Financial Fitness Challenge Week 2: Check and improve your credit score
During Finder's 4-week Financial Fitness Challenge, we'll share easy ways to get your finances sorted, using the Finder app and the power of technology to help you maximise your money. It's simple and it's 100% free.
This week, we're looking at your credit score.
THIS WEEK'S GOAL: Learn about your credit score and how it affects your finances.
What is a credit score anyway?
You might have heard the term "credit score" before but may not know exactly what it is or what your personal score is. (Don't worry, you're not alone; our Finder research has shown that 72% of Australians don't know this.)
In a nutshell, your credit score is your financial identity. It's a calculation of your credit position, made up of the information that is held in your credit file, which essentially shows your history as a borrower. Depending on your repayment and borrowing history, you will be assigned a score that shows lenders where you stand in terms of your finances.
Why is it important?
Your credit score is what lenders will look at to decide whether they should lend money to you. It shows them how risky you are as a borrower.
Having an excellent credit score may even help you negotiate a better deal when you apply for a loan.
How can I find out my credit score?
The good news is that it's free and easy to find out your credit score using the Finder app that you've already installed. (If you skipped Week 1, install the app now.)
From the main dashboard in the app, tap on the credit score section to set yourself up. You'll need your passport or driver's licence to validate your identity before you can get your score.
Once you're set up, you'll see your credit score on the main app dashboard:
Tap on View your credit report and you'll see a more detailed overview of your credit profile. Tap through to see the factors that were considered when assessing your score.
Some people think that checking your credit score regularly will affect your score. This isn't true at all. In fact, regularly checking your credit score means you are on top of any changes that happen right away.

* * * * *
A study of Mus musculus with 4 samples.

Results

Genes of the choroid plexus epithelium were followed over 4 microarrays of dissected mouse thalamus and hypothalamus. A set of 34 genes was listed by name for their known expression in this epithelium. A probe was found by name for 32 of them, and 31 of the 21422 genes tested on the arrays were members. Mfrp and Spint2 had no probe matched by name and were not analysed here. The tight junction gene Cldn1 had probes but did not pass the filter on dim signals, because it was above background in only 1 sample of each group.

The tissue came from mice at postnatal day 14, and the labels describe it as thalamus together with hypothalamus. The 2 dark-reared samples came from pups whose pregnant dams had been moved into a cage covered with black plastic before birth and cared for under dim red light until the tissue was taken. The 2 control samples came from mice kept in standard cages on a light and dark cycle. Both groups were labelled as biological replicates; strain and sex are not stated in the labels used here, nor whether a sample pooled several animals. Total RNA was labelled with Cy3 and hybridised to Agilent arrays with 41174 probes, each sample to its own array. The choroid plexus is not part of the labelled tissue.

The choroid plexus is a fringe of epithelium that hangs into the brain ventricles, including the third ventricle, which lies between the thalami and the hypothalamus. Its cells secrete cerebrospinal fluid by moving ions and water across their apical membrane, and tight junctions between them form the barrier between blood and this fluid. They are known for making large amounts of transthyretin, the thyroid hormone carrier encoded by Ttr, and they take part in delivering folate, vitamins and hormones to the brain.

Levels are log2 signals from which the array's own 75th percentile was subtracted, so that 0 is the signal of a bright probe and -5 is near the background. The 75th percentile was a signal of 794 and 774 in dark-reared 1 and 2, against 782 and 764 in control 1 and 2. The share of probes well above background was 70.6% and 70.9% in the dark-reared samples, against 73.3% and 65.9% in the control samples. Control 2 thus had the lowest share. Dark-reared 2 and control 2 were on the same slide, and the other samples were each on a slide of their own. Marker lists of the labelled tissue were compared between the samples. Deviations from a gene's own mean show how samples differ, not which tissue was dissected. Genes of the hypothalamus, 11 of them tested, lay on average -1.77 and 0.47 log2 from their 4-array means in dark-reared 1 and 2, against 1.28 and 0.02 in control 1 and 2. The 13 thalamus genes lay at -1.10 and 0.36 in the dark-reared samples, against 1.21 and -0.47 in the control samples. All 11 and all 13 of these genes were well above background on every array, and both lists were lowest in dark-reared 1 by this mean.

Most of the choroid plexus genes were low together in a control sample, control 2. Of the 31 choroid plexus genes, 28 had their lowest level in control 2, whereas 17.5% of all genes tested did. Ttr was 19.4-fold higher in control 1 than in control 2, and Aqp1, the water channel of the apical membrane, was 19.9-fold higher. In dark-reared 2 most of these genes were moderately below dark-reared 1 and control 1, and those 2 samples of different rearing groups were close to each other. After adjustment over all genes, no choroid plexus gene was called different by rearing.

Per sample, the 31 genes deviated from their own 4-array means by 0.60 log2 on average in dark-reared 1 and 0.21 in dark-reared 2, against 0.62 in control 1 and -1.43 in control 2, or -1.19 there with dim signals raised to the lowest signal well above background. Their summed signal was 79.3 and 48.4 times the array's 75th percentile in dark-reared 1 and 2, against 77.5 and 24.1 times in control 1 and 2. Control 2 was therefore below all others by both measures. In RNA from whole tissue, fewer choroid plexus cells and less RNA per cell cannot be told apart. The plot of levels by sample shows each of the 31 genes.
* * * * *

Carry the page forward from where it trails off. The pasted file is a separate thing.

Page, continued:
The Finder app makes tracking your credit score easy. You'll get a monthly reminder of what your score is so that you can see if it's changed.
What does a good credit score look like?
The credit agency that Finder uses is Experian, which uses a scoring system from 0 to 1,000.
There are five credit score bands that your score can fall into. These bands range from "excellent" for scores that are closer to 1,000, down to "weak" for scores that are lower. Here's how the bands work:
- Excellent: 800-1,000
- Very good: 700-799
- Good: 625-699
- Fair: 550-624
- Weak: 0-549
If you've got a good credit score, congratulations! You're in good shape. You can learn more about how to keep it healthy in our detailed guide.
Is your number not so great? How can you improve your credit score?
If your credit score is lower than you'd like, don't worry. You can improve it. It might take some time, but it's worth the effort in the long run. So where do you start?
1. Get your credit score and credit report
When you get your credit score and report through Finder, you'll also receive updates if anything ever changes. That way, you can stay on top of your score, as well as see what's impacting any changes.
2. Check your report for high-risk listings
If your score is low, review your credit report and look out for negative listings. These could include multiple credit enquiries in a short space of time, credit cards with high limits, multiple loan accounts and black marks such as late payments, defaults, serious credit infringements and bankruptcies.
Defaults can last on your credit report for five years, while serious credit infringements and bankruptcies will stay on your report for seven years.
3. Remove any incorrect information
If you've found any incorrect listings on your account, you can contact your creditor or the credit reporting agency to have them removed.
4. Identify listings that you can improve
If all of the listings on your credit report are valid, focus on the areas that you can improve:
- If you have a high credit limit that you aren't using, contact your bank to lower it.
- If you have multiple personal loans or credit card debts, consolidate them into one debt with a promotional 0% interest rate and pay the whole thing off with no interest.
- Pay all of your bills on time and create a budget to repay any existing debts.
5. Check your credit score regularly
The Finder app will send you updates about your credit score every 30 days, so you don't have to remember to check it.
This means that you can easily keep a close eye on your credit score and check on any changes to make sure all of your information is correct. If you find a listing that hasn't been updated or something that is wrong, you can quickly get it sorted out.
So there you go. You're now armed with your credit score and you know what you need to do to improve it. Next week, we'll look at how you can make better use of credit cards. See you then!